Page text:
Diplomatic channels are narrowing, ambassadors are being recalled, groping communiqués are taking on grim colorations, and menacing ultimatums are no doubt being drafted. Mobilization cannot be far off.
Yet those irrepressible optimists at the White House see a "possible path" to peace--that of "restart[ing] talks with Congress on an overarching agreement that would lock in deficit reduction through additional revenue, changes to entitlement programs and more spending cuts, to be worked out by the relevant committees in Congress. But this time, those talks might start in the Senate." Another example of generals always fighting, or preparing to fight, the last war.
Yes, the Senate, where easygoing, carefree, life-of-his-party Mitch McConnell yesterday re-declared "that Republicans view the debt ceiling increase as an 'immediate opportunity' to achieve significant spending cuts." No mention was made, it should go without mentioning, of "additional revenue." Meanwhile, over at the House, an aide to you-can't-fire-me-'cause-I'm-done-talking Speaker Boehner said "As far as we're concerned, the tax issue is off the table."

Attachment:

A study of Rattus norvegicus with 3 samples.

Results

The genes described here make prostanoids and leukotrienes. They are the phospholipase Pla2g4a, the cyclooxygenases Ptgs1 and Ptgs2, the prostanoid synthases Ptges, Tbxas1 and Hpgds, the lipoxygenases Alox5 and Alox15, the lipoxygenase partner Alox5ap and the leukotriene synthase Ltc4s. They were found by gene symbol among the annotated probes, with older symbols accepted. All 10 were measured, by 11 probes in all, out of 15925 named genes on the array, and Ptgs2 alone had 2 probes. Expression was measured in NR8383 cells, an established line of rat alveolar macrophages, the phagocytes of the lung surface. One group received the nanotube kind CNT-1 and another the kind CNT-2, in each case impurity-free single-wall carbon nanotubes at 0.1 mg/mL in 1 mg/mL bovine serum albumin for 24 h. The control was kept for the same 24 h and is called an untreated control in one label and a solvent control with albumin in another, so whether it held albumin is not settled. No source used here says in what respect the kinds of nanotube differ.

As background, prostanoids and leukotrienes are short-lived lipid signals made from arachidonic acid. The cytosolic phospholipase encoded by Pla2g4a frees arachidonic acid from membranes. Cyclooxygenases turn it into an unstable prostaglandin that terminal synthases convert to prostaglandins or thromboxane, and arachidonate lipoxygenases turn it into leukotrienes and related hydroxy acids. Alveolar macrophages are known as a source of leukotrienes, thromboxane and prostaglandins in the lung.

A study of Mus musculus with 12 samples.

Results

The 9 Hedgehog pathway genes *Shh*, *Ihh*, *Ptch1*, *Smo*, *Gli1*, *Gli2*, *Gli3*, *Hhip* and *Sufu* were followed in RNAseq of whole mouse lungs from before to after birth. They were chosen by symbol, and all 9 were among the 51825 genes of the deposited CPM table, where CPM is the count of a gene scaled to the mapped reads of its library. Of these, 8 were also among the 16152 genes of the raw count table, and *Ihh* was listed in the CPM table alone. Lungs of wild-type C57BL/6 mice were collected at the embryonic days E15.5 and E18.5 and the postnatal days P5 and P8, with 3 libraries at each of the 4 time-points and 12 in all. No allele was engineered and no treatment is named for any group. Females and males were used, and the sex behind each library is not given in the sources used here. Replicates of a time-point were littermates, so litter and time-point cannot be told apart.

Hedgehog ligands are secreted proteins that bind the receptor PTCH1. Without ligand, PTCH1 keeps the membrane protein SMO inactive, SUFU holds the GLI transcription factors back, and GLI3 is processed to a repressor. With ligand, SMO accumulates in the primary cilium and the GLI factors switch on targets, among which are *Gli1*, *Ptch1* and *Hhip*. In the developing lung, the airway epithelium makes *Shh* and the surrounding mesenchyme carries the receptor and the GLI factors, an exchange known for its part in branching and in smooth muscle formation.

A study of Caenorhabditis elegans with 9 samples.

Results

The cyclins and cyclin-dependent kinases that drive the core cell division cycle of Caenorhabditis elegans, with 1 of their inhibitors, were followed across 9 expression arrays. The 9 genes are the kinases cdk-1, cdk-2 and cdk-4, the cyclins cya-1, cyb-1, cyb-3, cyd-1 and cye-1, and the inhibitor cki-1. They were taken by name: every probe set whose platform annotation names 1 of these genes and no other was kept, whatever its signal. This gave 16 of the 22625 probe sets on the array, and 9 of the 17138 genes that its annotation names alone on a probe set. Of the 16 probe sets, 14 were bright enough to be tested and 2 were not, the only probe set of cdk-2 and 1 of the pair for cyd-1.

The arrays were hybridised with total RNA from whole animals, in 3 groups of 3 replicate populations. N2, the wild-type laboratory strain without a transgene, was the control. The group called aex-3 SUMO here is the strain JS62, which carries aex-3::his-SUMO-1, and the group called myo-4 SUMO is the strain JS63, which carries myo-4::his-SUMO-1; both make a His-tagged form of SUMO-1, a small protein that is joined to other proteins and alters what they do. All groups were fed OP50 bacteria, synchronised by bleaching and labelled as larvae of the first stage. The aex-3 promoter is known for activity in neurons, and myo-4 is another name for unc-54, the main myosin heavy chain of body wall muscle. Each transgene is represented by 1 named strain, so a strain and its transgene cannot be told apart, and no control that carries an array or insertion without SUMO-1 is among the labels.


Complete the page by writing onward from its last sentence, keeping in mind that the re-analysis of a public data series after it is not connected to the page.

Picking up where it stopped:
Are we sensing a theme here?
That theme, though, isn't what worries most, although a spending-cut spree in the bloody aftermath of perpetual, lower-revenue maximization is troubling enough. No, what convulsively worries is nothing much new; it's little to do with the cloven-footed cliff deal's fiscal specifics. It has to re-do, rather, with Republicans' Nietzschean-inflated cajones and profoundly nihilistic will to power, while their chief opposition persists in deluding itself that it's negotiating with the Grand Old Party.